The Windy Hill

The student news site of Methacton High School

The Windy Hill


MTC+will+perform+A+Midsummer+Nights+Dream+from+Nov.+16-18.+Performances+will+begin+at+7+p.m.
Suhyun Park
MTC will perform A Midsummer Night’s Dream from Nov. 16-18. Performances will begin at 7 p.m.

The Methacton High School Theatre Company will perform A Midsummer Night’s Dream from Nov. 16-18. The comedy was written by William Shakespeare in the 1590’s, yet the company is basing their rendition on a very different, more recent, time period. Midsummer is a story of mischief and magic, and has multiple subplots.

One centers around an argument between King Oberon and Queen Titania of the fairies. Oberon’s assistant, Puck, is a trickster, and his magical pranks cause chaos to befall the characters in the other plots. Senior Natalie Zebrowski (Titania) wrote that the best scene involving the fairies is the first scene. It introduces the conflict between Oberon and Titania, and is “really fun to do” because it has “so much tension and energy”. Sophomore Abby Drummond-Alston (Oberon) agreed with Zebrowski, and said that the fairies’ opening dance is another favorite.

The most central plot of the play involves Hermia’s struggles as she is courted by two men. The first, Lysander, is who she prefers, and the other, Demetrius, has the favor of her father. To complicate things even more, Hermia’s best friend, Helena, loves Demetrius without reciprocation. When Hermia and Lysander flee to a nearby forest, Demetrius and Helena follow them, but problems arise when Puck’s tricks make their relationships even stranger than ever. Senior Em Koch (Demetrius) said their favorite scene involves the lovers.

“We have a… scene in the middle [of the show] where Demetrius and Lysander fight over one of the girls,” said Koch. This is sure to be an uproarious hit because “it’s petty and silly,” Koch added.


Junior Evie Sullivan (Tom Snout the Tinker; Wall) believes that the best scene involving The Actors is their play, which they put on towards the end of the show.

“We all just get to have as much fun as [we] want and be… ridiculous,” she said. She added that the scene is hilarious because everyone in it has come up with something funny to contribute.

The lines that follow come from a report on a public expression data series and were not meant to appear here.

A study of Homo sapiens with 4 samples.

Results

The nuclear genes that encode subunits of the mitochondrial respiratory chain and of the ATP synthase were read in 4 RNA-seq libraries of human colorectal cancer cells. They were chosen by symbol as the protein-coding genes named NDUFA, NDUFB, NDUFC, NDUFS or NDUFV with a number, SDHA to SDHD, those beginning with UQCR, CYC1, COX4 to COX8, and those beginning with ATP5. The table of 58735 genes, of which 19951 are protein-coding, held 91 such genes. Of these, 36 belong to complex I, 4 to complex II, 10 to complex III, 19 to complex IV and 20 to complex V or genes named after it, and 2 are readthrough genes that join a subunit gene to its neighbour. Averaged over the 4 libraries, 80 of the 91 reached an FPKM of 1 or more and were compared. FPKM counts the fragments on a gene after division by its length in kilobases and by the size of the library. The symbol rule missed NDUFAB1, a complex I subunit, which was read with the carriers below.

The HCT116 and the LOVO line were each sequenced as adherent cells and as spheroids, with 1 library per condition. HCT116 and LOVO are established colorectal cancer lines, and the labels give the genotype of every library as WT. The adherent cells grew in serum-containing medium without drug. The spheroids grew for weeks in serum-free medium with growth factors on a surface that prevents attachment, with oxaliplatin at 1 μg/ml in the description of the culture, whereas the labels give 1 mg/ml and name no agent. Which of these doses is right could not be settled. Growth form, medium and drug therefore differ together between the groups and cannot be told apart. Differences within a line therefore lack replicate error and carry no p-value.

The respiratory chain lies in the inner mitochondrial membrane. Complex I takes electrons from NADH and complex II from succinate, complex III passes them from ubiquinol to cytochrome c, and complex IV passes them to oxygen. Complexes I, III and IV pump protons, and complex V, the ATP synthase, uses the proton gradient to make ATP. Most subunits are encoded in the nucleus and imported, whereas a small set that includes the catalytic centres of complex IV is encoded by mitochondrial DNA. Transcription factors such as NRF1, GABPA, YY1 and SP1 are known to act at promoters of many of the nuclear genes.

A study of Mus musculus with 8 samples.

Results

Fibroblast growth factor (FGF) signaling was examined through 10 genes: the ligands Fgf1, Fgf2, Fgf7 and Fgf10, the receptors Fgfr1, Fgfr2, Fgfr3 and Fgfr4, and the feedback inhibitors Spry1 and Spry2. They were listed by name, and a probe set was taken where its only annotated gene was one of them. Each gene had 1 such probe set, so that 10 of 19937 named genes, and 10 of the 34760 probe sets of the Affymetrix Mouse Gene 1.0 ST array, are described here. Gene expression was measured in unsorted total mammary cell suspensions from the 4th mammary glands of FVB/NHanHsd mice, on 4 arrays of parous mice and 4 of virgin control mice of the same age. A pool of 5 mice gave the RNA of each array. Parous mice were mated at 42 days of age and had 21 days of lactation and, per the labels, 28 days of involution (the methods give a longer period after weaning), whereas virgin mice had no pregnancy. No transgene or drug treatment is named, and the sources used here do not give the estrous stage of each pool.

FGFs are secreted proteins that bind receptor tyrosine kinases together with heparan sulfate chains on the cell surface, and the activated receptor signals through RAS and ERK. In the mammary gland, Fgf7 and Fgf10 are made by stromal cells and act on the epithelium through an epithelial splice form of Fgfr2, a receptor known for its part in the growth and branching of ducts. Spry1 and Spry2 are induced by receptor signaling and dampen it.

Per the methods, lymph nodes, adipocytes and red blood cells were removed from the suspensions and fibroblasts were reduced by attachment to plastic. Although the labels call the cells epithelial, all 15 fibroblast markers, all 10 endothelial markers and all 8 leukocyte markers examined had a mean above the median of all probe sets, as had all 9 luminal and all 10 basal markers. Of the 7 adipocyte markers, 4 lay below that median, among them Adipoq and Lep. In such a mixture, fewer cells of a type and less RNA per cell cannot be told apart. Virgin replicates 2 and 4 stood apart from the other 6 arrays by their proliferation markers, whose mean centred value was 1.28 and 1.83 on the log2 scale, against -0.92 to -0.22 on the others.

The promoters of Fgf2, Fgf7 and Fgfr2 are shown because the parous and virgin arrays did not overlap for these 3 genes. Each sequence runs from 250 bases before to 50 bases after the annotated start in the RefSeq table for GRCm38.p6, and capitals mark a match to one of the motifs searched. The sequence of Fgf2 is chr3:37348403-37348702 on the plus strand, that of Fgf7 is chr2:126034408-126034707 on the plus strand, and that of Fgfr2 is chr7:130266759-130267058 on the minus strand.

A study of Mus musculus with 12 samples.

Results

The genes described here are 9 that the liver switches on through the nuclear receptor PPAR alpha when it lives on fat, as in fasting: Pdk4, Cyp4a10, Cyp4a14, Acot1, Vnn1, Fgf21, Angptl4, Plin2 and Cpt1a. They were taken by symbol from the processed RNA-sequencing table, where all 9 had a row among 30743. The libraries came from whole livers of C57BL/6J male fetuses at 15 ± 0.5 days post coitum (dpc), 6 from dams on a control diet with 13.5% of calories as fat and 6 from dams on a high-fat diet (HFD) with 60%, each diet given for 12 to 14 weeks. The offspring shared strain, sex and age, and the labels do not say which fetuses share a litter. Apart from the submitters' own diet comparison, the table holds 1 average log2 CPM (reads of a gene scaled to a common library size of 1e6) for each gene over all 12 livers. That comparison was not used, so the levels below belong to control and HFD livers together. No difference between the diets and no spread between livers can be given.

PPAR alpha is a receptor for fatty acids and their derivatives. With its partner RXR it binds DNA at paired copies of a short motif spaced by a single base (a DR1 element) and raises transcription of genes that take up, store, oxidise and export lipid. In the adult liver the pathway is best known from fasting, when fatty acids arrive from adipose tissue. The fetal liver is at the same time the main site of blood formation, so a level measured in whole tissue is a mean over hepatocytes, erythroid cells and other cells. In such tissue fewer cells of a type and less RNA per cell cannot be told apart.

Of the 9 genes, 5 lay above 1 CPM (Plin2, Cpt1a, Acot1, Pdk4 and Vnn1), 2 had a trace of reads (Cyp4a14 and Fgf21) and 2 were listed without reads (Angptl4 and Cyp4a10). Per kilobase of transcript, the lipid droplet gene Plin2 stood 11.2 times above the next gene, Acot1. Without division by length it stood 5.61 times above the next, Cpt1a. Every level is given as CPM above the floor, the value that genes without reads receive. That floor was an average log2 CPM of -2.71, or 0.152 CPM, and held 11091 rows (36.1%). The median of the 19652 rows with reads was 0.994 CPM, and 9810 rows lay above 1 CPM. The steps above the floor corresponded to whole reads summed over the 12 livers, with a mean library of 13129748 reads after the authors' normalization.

This production has presented many challenges for those involved.

For example, a large number of the show’s roles were written for men, but only a few males ended up auditioning. According to Mrs. Naylor, the show’s assistant director, “we had to be very creative and cast females in male roles”. This was ironic because Shakespeare would have done the exact opposite: casting men as women.

Another hard part of the play has been the antiquated language. Mrs. Fitzgerald, the show’s director, said that “getting our cast members to understand the Shakespearean language so that they are able to convey the meaning to our audience members” has been very difficult.

Student choreographer Alex DePiano has also experienced difficulties, namely coming up with “dances that non-dancers can learn and perform”.

For all of the trials that may have been faced in this production, there were also a great number of rewards.

Mrs. Naylor has loved witnessing “young people who doubted their ability to memorize Shakespeare” grow and “completely own their role” every time that she has co-directed Midsummer at Methacton (this being the third).

Watching the show grow has been a high point for Mrs. Fitzgerald, especially “watching all of the little pieces come together” to put her vision onstage.

DePiano has enjoyed “getting to create and teach dances with [her] co-choreographer Jeramie”.

Kendall Csonka, member of Titania’s Fairy Court, is a freshman who is working with many of the people involved in the show for the first time. As such, “getting to know all of the cast and crew” has been the best part of the production for her.

Many students are in support of going to see the play.

Freshman Ananya Nandakumar is going “because a lot of [her friends] are performing… and [she wants] to be there to support them”.

Ava Karlinsley, a sophomore, said that going would be “a fun thing to do”, and freshman class president Joseph Sipia stated that seeing the play “supports students” and would be entertaining.

Freshman Cecelia Cavallo pointed out that viewers would “get to experience the hard work that the [Theatre Company] put in”.

The student directors of Midsummer also suggest coming to see the production. Senior Jessica Gabell gave one reason why.

“I think the play has an incredible story to it that is relatable and enjoyable for everyone!” 

Even if a student is not interested in the plot, there are other reasons to attend a performance.

“Seeing this talented group on stage, after all the work they have done, is truly an experience that could change how you see theatre,” said senior Joelle Miles. She added that the theater company is a “good group of people” who will put on “a great performance”.

“You’ll have to come and see the performance to find out more,” said Mrs. Naylor. Each evening, seating will begin at 6:30 p.m. Shows will begin at 7 p.m. Tickets cost $7 for students and seniors and $15 for adults. Online tickets can be purchased at https://www.showtix4u.com/event-details/77400 up to two hours before the selected show begins. Tickets at the door are cash only and cost the same as they do online.